Xiaomi renews commitment to Make in India with new initiatives
Xiaomi is doubling down on its commitment to locally manufacture products in India. The new initiatives include adding new manufacturing facilities and expanded local manufacturing of components.
Talking to HT Tech, Xiaomi Global VP Manu Kumar Jain said that the company managed to add two new manufacturing partners during the Covid-19-hit year. BYD is setting up a new manufacturing facility in Tamil Nadu. Another partner, DBG, has already begun manufacturing in Haryana. The BYD facility is likely to go live very soon, and the company has already conducted pilot tests. According to Jain, the new facility will bolster Xiaomi's capacities to meet consumer demand.
On components, Jain revealed that Xiaomi will now locally manufacture camera bodies. The next big addition in component manufacturing is the back panel. With this, Xiaomi is now capable of making things such as motherboards, camera module, back panel, boxes and charging cables in India. Together, they contribute to 75% of the value.
Jain further said that Xiaomi has also enhanced its manufacturing capacity for smart TVs, one of its key product lineups. As of January 2021, he said, all Xiaomi TVs sold in India are made in India.
Between the lines
Even as Xiaomi is renewing its commitment to Make in India, the company did face an abrupt hurdle in 2020 when the Covid-19 lockdowns were implemented. It impacted Xiaomi's business, just like other smartphone companies in the country. Just to remind you, April 2020 saw zero smartphone sales in India. For a brief period, Xiaomi had to import units to India.
Jain admitted that he had not foreseen such a massive impact of the Covid-19 pandemic and had even conveyed the same to the founder and board members.
“And we were completely wrong. Because within a week of that meeting, the lockdown was announced and from selling more than 10 million phones every single quarter. Our business came down to selling zero fourth quarter. It completely crashed our factories or service centres, our warehouses, our call centre facilities close everything was shut down complete shutdown across the country. And even when the lockdown was removed, it was difficult,” he confessed.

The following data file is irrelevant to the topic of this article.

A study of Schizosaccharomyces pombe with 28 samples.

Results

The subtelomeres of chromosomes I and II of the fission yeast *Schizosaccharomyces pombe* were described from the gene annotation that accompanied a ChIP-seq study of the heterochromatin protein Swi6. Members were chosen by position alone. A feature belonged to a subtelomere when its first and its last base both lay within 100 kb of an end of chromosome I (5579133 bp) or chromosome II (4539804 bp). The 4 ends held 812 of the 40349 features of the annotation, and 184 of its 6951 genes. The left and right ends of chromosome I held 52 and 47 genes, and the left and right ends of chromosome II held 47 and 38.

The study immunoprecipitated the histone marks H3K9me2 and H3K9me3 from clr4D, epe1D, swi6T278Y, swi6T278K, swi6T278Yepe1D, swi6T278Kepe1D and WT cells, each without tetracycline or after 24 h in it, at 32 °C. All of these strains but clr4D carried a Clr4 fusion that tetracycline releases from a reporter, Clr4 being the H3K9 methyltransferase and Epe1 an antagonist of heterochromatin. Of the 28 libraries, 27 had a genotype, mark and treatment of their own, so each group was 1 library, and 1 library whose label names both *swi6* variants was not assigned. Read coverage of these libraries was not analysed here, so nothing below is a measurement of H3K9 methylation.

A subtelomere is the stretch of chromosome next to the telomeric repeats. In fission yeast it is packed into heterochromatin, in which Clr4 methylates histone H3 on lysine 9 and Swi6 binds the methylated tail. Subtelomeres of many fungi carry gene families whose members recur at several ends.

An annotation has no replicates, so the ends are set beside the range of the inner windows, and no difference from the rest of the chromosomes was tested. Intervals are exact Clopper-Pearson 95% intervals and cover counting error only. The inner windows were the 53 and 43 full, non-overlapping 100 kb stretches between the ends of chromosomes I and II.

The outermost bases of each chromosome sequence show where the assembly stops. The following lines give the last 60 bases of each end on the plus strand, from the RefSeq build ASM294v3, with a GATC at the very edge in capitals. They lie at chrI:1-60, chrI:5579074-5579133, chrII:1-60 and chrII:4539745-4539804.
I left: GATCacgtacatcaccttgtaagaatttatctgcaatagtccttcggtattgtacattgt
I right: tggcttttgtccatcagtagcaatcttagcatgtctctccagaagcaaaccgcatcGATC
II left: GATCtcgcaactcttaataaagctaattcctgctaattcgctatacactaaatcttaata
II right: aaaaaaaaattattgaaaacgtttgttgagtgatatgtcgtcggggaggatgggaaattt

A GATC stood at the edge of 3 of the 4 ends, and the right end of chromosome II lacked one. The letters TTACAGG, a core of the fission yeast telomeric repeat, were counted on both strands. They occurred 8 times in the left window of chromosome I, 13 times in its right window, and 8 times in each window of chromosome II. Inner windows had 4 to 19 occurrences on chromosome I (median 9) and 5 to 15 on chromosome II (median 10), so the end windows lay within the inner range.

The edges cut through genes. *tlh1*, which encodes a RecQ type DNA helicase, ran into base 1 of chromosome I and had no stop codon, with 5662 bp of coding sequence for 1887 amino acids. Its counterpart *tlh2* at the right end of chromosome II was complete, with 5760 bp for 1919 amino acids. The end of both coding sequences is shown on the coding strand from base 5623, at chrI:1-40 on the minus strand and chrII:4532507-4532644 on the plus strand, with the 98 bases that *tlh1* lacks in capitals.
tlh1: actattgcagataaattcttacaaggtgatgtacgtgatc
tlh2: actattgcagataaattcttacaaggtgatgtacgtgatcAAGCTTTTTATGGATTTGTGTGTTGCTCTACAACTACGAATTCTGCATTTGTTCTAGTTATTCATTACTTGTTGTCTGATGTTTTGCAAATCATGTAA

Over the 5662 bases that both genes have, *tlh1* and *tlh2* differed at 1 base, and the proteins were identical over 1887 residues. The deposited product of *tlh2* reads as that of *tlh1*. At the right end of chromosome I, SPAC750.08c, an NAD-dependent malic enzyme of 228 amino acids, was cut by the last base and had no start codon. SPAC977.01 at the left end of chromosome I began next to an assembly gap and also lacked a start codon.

Even when the lockdown began to partially lift, challenges were still there. A lot of staff working in these factories had returned to their native places which made it difficult for the company to resume operations in full capacity. Another challenge Xiaomi faced was the global disruption in the supply chain.
Jain said that the company did not scale down its manpower despite the Covid-19 constraints. Instead, it chose to expand partnerships and focus on what could have kept the supply steady. For instance, it launched a lower number of phones in 2020.
Explaining the move, Jain said, “…the focus was to increase the throughput overall throughput and not increase the width of assortment.”
“If we introduce a new phone, maybe I can get some marketing buzz, but that will not be good from maximising the volume perspective. So, we focused on the maximisation of volume and not the maximisation of variety.”
Jain also touched upon the price revision the company implemented last year following the change in the GST regime.
“There was no way for a company whose profit margin is less than 5%, that the company could absorb 6% GST increase, and not just us, everybody else had to increase prices,” he commented.
Make in India for the world!
According to Jain, Xiaomi had to pause the export of its Made in India products to neighbouring markets due to the Covid-19 pandemic. The company is now considering resuming exports given the new manufacturing facilities are operational.
“And once that happens, we will be open to further expanding and further increasing our exports from India and setting up India is a global manufacturing hub. But baby steps. The first and foremost priority is to meet the local demand, and then only we will think about exports,” he said.